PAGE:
Editorial: We stand with the BLM movement

Our take: The BLM movement is not a political movement. The BLM movement is not a trend.

October 22, 2020

It began in 2013, after a national outcry that resulted from the death of 17-year-old Trayvon Martin. An activist, Alicia Garza, first coined the phrase in a Facebook post. With the help of Patrisse Cullors and Opal Tometi, the activists founded the movement we know today as “Black Lives Matter”. Seven years later, the movement has been reignited. 

In May, a video of a police officer kneeling on the neck of George Floyd, resulting in his death, sparked public uproar. Hundreds of thousands of people took to the streets, protesting for his killers to be persecuted. They protested for an end to injustice and racism at the hands of police. 

Attending protests has not been an option for many. Instead, they sign petitions and donate to the cause. Many have taken to social media, garnering awareness and support for the movement. In June, #blackouttuesday trended over instagram. Although many Gen Z saw it as a chance to show their support, others called it out for what it was: performative activism. It became the clearest example of showing minimal effort for a cause to gain clout or social traction. Many companies took advantage of it as well, claiming that they too supported the movement through baseless claims.

In recent months, these same companies have fired employees who have expressed their support for the movement through apparel, claiming that “Black Lives Matter” is a political statement. 

Those who are in support of the movement support granting basic human rights to a group that has historically been oppressed for centuries. It is a movement working to end the disproportional rate at which Black men, women and children are killed by police in this country. It sheds a light on the major racial disparities in our country, where Black people are exposed to COVID-19 at a higher rate, where Black people are forced into low income communities, where Black people are denied job opportunities due to their name on applications, where the federal funding is decreased in schools in Black neighborhoods due to gerrymandering,    where Black people are incarcerated at disproportionately higher rates. This is deeper than police brutality. These lives matter.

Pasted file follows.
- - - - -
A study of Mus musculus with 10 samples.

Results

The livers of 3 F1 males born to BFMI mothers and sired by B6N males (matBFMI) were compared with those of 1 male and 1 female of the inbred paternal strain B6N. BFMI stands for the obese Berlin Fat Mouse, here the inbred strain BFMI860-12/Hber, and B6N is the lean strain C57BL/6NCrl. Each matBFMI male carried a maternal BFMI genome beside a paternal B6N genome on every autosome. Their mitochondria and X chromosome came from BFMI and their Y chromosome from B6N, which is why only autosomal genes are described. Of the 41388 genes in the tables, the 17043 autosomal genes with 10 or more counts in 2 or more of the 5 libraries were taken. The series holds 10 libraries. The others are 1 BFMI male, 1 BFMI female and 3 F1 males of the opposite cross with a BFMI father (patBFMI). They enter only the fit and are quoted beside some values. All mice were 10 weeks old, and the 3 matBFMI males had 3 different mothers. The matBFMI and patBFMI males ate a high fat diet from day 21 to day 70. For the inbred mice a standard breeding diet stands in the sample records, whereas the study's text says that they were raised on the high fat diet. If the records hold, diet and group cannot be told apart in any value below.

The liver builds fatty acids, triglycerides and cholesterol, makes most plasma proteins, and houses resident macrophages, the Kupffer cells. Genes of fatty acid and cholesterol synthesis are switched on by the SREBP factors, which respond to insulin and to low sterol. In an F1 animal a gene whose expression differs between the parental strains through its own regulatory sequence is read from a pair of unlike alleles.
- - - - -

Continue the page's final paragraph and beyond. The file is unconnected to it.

BLM is not a political stance. While it  has been made political by its socioeconomic implications, the movement itself should not be a partisan view. The value of the life of your Black friends and peers should not be a political discussion. 

BLM is not a trend. While the traction that it gained over the summer allowed for more change to be made, the support cannot be temporary. Sharing a black square on Instagram is not going to end racism.

The abuse towards these communities has been normalized for so long that holding people accountable feels excessive. To make change, we must hold ourselves accountable. Identifying where subconscious bias and a compliance in the system exists. We need to start having constructive and uncomfortable conversations. There will always be more to learn, so we need to make ourselves more open to criticism and corrections on activism. Staying silent is no longer an option.